True cultural change ultimately takes place on a broad, societal level. The Isaiah 61 passage describes a people group’s commitment to the beauty of restoration, even if that ultimate restoration and peace was only truly realized much later in Christ. Still, the hope or intent of cultural cultivation is a societal-wide focus that impacts every corner of life, including public policy and judicial decisions. It seems to me that in our desire for communal healing, however, we easily forget where all this change begins; namely, with individuals and families who take ownership of their small sphere of influence in the home, in school hallways, in cul-de-sacs, and in meetings at work. Lasting cultural change has those kinds of humble, over-looked roots and we should not expect legislation to fix what isn’t happening at an individual level. Very few of us make public policy, but the great call to cultivate is given to each Christian—whether young or old—and God equips us to to make those incremental changes each and every day. As evidenced by the major recent cultural changes in sexual ethics, public policy comes on the heels of momentum begun long before by individuals, especially individual story-tellers who understood the power of story to shape the cultural imagination. Christians have a great call to re-narrate the dominant cultural narrative.
Cultural cultivation can seem like a daunting task, but it is less daunting when we read Nehemiah chapter 3 in which every kind of person was found helping to build the wall, even a man and his daughters (v. 12) and two men who could only help with the wall just outside their front door (v. 23). We do what we can with what we have, don’t we? That is all God calls us to do. Let us keep our eyes fixed firmly ahead and look to the author and finisher of faith; after all, this entire generative work is an act of faith in a God who equipped us to create and will see to it that he uses us according to his desires and designs for something which, when seen from the other side, is truly marvelous.
Thus, the important call to “cast your bread upon the waters, for you will find it after many days” (Ecclesiastes 11:1). I have heard many interpretations of this verse, each one unique and interesting, but the principle of the verse remains the same: give generously and you will find it multiplied and returned to you–bless widely and you will be blessed. This verse is the generative life motto. A river flows through the center of each heart’s castle and out into the city of man. We can but set our little boat–be it a story or a poem or a picture of a life–upon the water and let it follow the current. Someone downstream will pick it up and take it home and cherish it, too. To that end, let us do our best and share it widely. We cannot control the results, but we can control the preparation and execution of what we do for cultural cultivation. As T.S. Eliot wrote in “Choruses from the Rock,” “Make perfect your will…take not thought of the harvest.” Keep working, dear friend, whatever the work. Keep enfleshing the ideas God gives you, and leave the harvest to the God who gave you those ideas.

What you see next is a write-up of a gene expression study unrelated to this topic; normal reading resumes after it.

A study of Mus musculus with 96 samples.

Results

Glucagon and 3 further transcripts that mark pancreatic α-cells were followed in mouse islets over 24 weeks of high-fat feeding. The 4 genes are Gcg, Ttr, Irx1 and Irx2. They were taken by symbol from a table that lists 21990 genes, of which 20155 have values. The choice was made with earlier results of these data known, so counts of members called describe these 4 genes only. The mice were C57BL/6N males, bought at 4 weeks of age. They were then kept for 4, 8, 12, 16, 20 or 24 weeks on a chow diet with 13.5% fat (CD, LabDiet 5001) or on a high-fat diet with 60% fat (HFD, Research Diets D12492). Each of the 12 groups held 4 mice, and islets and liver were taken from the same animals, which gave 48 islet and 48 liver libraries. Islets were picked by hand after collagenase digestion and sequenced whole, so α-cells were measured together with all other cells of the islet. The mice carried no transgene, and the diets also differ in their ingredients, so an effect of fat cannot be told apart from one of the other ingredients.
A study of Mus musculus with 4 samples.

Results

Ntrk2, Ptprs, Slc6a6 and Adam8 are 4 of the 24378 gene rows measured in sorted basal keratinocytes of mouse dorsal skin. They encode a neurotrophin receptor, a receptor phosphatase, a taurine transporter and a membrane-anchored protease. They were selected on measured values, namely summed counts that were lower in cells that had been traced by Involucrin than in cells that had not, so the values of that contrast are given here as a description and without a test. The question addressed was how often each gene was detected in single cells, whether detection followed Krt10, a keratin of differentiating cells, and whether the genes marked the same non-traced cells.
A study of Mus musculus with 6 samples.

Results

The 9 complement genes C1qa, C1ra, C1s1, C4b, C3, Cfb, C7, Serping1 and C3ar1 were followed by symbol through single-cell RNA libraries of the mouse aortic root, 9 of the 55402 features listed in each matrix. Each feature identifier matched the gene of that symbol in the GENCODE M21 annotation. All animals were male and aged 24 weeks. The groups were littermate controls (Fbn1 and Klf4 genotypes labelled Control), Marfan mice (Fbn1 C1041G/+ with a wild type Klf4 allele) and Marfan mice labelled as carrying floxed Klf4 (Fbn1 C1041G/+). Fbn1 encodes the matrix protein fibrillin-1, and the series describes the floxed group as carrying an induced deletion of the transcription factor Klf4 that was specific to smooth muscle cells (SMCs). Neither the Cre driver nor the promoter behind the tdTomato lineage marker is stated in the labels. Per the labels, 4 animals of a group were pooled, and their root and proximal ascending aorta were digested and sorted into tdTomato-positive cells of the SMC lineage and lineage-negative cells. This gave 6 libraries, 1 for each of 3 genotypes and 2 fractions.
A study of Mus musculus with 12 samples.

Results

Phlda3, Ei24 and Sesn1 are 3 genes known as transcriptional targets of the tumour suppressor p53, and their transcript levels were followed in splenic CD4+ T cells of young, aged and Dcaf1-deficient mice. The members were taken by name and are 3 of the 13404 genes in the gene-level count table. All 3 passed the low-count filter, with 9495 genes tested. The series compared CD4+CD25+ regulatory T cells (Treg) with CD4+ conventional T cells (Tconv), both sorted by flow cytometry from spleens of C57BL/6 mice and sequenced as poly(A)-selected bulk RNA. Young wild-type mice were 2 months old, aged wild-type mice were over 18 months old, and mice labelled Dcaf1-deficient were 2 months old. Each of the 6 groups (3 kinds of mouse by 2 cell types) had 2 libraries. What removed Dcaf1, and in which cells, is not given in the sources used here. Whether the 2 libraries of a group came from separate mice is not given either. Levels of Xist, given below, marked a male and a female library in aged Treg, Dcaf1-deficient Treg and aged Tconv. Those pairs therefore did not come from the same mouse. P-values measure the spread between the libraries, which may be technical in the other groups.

Remember, also, that the Holy Spirit is the Paraclete, the helper, who spurs you on and guides your thoughts, inspiring the bright fire in your heart and mind. Consider yourself the Paraclete’s messenger and your words lit from within by his vitality, ready to warm the hearts of men. Or, to put it another way, you are seed. This mindset of potent smallness, like yeast or like a mustard seed, is the way Jesus described faith and it is the way that I encourage you to see yourself. You are small, but charged with faith. Make visible the latent power of God at work in you generatively.
The boy with his five rolls and two fish in Luke, chapter nine, is a perfect picture of generative living. Like that nameless boy, we offer the little we have, not knowing whom God will feed, nor how. The Christian’s life is a journey of trust; living by faith, he must trust God to not only give him purpose and ideas, but to equip him to form them into a cohesive and beautiful whole. He must live freely from his limited self, knowing that it is all God asks him to do. If he withholds even the little he has, he will grow anxious and out of step with God, with others, and with the generative life God gave him to live.
This, my friends, is the hope that we hold most precious: that God will use the gifts he gave us for a good purpose, using our small offerings to generate from cultural decay–in ourselves, in others, in the world around us–something beautiful and good and true…and lasting.